Net sales at Dassault Aviation jumped 44.4% to EUR7.3 billion (USD8 billion) in 2019 mainly due to record-high deliveries of Rafale multirole fighters, according to the French company.

Defence net sales totalled EUR5.1 billion, more than doubling from 2018, the company said on 27 February.

Dassault’s defence order intake grew 24.9% to EUR3.4 billion, as increased French defence orders, including support and upgrade work on the Rafale, more than offset lower defence export orders. The French manufacturer reported a net profit up 24.5% in 2019, reaching €713 million.

Dassault’s operating income rose 14.3% to USD765 million last year. Its workforce grew 11% to 12,757 employees.

While in 2019, Dassault Aviation could count on the record delivery of 26 Rafale fighter jets abroad to lift its financial results, uncertainty could compromise sales in the upcoming year.

Defence exports represented 58% of the revenue for 2019, with the delivery of 26 Rafale fighter jets to Qatar, Egypt, and India (36) in 2019, against nine delivered in 2018. Exportation revenue reached €4.2 billion, up from €1.4 billion ($1.5 billion) in 2018. However, deliveries should drop by half in 2020.

The internal defence market was underwhelming, at €887 million ($970 million) in 2019 against €1 billion ($1.090 billion) the previous year. Dassault did not deliver any Rafale fighter jets to the French Air Force this year, and should not do so before 2022.

The Falcon program also plateaued. Dassault expected to deliver 45 Falcon business jets over the year, but only delivered 40, one less than in 2018, due to “difficult market conditions”. Falcon revenue dropped from €2.6 billion ($2.8 billion) in 2018 to €2.2 billion ($2.4 billion) in 2019.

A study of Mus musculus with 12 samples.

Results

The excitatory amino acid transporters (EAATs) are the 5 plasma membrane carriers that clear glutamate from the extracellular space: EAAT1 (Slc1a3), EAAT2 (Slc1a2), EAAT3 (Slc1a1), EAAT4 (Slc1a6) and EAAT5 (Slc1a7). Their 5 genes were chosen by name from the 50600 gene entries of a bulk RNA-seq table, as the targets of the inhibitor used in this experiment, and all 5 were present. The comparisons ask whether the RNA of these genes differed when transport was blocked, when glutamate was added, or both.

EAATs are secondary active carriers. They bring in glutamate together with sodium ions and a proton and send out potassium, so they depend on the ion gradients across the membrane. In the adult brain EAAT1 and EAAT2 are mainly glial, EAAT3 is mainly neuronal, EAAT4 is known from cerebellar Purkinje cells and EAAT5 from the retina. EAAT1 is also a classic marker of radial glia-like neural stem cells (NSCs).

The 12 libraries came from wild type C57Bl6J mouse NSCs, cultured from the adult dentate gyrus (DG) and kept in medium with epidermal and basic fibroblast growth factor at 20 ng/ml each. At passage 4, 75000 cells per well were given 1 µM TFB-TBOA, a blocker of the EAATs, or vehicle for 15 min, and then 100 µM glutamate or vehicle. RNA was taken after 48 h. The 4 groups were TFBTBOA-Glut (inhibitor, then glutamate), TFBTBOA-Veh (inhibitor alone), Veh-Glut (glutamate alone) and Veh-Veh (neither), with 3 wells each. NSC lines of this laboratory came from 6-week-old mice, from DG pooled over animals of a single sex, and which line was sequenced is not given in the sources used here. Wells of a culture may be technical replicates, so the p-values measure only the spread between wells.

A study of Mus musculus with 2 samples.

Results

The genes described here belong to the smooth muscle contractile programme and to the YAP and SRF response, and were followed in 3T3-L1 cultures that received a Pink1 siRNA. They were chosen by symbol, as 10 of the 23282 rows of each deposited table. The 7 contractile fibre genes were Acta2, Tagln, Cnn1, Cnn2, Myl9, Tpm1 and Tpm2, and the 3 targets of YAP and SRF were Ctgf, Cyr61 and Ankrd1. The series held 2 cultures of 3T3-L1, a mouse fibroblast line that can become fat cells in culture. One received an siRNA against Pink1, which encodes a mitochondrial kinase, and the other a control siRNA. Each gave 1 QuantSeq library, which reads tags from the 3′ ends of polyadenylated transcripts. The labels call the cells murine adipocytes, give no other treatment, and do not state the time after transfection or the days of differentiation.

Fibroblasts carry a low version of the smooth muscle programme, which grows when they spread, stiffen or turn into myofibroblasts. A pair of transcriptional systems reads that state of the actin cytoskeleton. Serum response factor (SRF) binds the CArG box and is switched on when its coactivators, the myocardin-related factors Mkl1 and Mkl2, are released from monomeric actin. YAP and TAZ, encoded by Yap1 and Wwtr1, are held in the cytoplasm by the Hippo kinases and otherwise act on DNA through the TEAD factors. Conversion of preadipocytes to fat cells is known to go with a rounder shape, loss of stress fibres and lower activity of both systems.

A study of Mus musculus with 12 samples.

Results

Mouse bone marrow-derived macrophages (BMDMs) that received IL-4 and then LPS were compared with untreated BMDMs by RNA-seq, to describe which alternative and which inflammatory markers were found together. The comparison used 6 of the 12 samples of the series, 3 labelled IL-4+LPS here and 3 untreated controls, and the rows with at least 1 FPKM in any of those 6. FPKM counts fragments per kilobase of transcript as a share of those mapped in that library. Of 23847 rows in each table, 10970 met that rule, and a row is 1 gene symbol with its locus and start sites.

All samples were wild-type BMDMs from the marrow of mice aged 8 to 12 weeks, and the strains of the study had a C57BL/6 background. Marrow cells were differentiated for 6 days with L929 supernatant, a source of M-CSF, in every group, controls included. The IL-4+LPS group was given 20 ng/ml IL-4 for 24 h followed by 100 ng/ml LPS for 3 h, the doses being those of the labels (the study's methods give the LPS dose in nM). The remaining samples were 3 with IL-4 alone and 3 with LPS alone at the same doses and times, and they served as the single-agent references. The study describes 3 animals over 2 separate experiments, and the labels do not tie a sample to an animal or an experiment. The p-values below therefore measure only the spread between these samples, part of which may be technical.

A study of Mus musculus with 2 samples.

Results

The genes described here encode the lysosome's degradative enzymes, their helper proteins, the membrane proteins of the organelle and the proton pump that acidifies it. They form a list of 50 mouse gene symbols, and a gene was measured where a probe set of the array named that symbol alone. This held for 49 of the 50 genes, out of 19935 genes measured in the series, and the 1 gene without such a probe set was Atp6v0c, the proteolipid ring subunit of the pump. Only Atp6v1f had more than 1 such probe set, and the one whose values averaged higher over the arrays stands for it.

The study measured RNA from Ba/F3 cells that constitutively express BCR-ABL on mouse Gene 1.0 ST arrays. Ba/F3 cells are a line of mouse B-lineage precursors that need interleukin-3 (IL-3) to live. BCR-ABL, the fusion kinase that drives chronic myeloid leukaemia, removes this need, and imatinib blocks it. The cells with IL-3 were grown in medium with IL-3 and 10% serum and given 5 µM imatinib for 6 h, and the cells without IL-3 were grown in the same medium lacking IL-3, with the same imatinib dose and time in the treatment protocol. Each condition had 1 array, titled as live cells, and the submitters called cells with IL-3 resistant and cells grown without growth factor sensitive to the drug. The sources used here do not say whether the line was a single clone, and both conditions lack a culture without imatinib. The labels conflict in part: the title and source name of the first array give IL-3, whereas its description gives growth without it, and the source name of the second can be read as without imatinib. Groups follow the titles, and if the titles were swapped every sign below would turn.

Self-funded research and development surged 34.4% to EUR527 million due to the “simultaneous development of two Falcon programmes”: the 6X, which is scheduled to enter service in 2022, and the Future Falcon, which has not yet been formally announced, the company said.

Both politicians and defence industry leaders in France have understood that without exports they cannot afford to provide France’s own armed forces with the most innovative and high-performing weapons. Furthermore, buying weapons from the United States brings red tape, including requirement for congressional authorization on all foreign military sales, which can delay the process and some argue shackle France’s sovereignty.